On Friday, the U.S. Department of Education clarifiedits 1973 law after finding students were not being given equal opportunity to participate in extracurricular athletics.

It's no secret sports will help a person stay healthy and teach discipline, but often athletes with disabilities are denied a chance to participate. That may change as the federal government stands behind these students.

This doesn't mean schools have to change the rules of the game or give someone an unfair advantage, but school districts must follow the basic federal guideline of providing equal opportunity to all students to participate in sports.

Ray Foster may be visually impaired but when it comes to wrestling his sights are clear and set on the goal.

"I plan to win State in wrestling and become an All-Stater one more time," said Foster.

The senior has wrestled several years at the Arkansas School for the Blind where they've modified how wrestlers start.

"We start out in two-hand touch, which is one hand down and one on top. When we break contact, the ref has to bring us back to the center," said Foster.

Although the law has been on the books for 40 years, the U.S. Department of Education clarified it Friday. School districts must provide equal opportunity to students with disabilities along with modifications, but not to the detriment of the student's health.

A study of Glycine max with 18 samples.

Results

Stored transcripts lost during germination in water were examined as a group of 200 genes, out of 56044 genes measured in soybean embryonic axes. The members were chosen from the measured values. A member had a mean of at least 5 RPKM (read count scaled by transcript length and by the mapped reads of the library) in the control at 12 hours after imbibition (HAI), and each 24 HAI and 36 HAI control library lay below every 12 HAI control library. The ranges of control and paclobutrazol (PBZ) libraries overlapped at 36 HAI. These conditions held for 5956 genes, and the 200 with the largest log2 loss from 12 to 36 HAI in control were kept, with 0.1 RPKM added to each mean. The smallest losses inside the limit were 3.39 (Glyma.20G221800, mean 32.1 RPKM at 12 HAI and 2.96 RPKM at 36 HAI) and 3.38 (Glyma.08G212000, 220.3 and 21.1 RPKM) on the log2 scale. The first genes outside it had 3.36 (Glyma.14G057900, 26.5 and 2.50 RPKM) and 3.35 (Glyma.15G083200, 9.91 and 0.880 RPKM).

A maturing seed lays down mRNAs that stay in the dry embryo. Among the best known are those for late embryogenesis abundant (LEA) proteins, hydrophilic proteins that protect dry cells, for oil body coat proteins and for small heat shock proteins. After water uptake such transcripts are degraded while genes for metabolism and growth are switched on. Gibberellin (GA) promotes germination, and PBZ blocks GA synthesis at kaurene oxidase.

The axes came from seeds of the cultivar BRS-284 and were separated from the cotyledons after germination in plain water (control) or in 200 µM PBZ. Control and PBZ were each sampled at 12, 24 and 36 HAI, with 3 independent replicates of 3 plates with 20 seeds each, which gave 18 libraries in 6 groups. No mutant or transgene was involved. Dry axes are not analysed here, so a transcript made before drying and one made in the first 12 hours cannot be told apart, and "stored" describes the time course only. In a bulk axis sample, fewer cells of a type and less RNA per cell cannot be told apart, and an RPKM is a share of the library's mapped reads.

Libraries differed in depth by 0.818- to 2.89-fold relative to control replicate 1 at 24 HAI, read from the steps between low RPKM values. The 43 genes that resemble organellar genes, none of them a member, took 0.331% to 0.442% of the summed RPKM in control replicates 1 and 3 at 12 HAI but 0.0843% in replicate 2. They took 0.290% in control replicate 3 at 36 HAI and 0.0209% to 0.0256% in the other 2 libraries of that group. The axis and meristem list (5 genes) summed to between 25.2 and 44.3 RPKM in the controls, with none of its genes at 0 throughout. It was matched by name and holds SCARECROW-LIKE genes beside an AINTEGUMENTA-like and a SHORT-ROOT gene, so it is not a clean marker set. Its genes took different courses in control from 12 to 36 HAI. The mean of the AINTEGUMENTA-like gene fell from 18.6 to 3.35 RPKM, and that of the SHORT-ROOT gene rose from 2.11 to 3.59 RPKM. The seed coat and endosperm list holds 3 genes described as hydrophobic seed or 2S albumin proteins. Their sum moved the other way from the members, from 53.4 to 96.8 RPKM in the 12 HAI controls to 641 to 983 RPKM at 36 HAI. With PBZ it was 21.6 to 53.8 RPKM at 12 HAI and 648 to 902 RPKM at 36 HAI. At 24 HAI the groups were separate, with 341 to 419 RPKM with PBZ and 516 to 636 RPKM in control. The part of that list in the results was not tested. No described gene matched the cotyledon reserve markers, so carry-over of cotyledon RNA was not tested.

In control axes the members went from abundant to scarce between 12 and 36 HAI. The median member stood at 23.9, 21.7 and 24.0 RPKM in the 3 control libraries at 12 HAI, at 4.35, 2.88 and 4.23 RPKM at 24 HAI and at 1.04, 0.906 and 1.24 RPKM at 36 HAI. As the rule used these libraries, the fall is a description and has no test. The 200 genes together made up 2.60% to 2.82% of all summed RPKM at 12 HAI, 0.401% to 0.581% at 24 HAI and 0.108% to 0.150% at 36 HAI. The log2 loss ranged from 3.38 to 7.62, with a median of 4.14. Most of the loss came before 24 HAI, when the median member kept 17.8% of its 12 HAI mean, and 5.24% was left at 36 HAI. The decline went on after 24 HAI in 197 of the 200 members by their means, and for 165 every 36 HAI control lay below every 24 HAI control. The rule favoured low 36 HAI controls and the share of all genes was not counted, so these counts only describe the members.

"I wouldn't put a blind kid out and play football," said Coach Dusty Combs.

Combs said modifications must be reasonable such as running guides for runners. Although they compete with students without disabilities, Combs said other coaches don't complain of an unfair advantage.

"When I hear other coaches, they say we are tough kids. I'm proud of how we act," said Coach Combs.

Although Foster and his friends have been told many times before they can't do something, he wants other coaches to know "that person with a disability could be your greatest athlete."

Not all modifications would be acceptable especially if it fundamentally alters the game. For example, adding an extra base in baseball or eliminating weight divisions in wrestling would change the sport.

Schools can apply for a federal grant called SPARK to help pay for modifications. It ranges from $500 to $3,000.

You can follow Pam on twitter @pbaccam.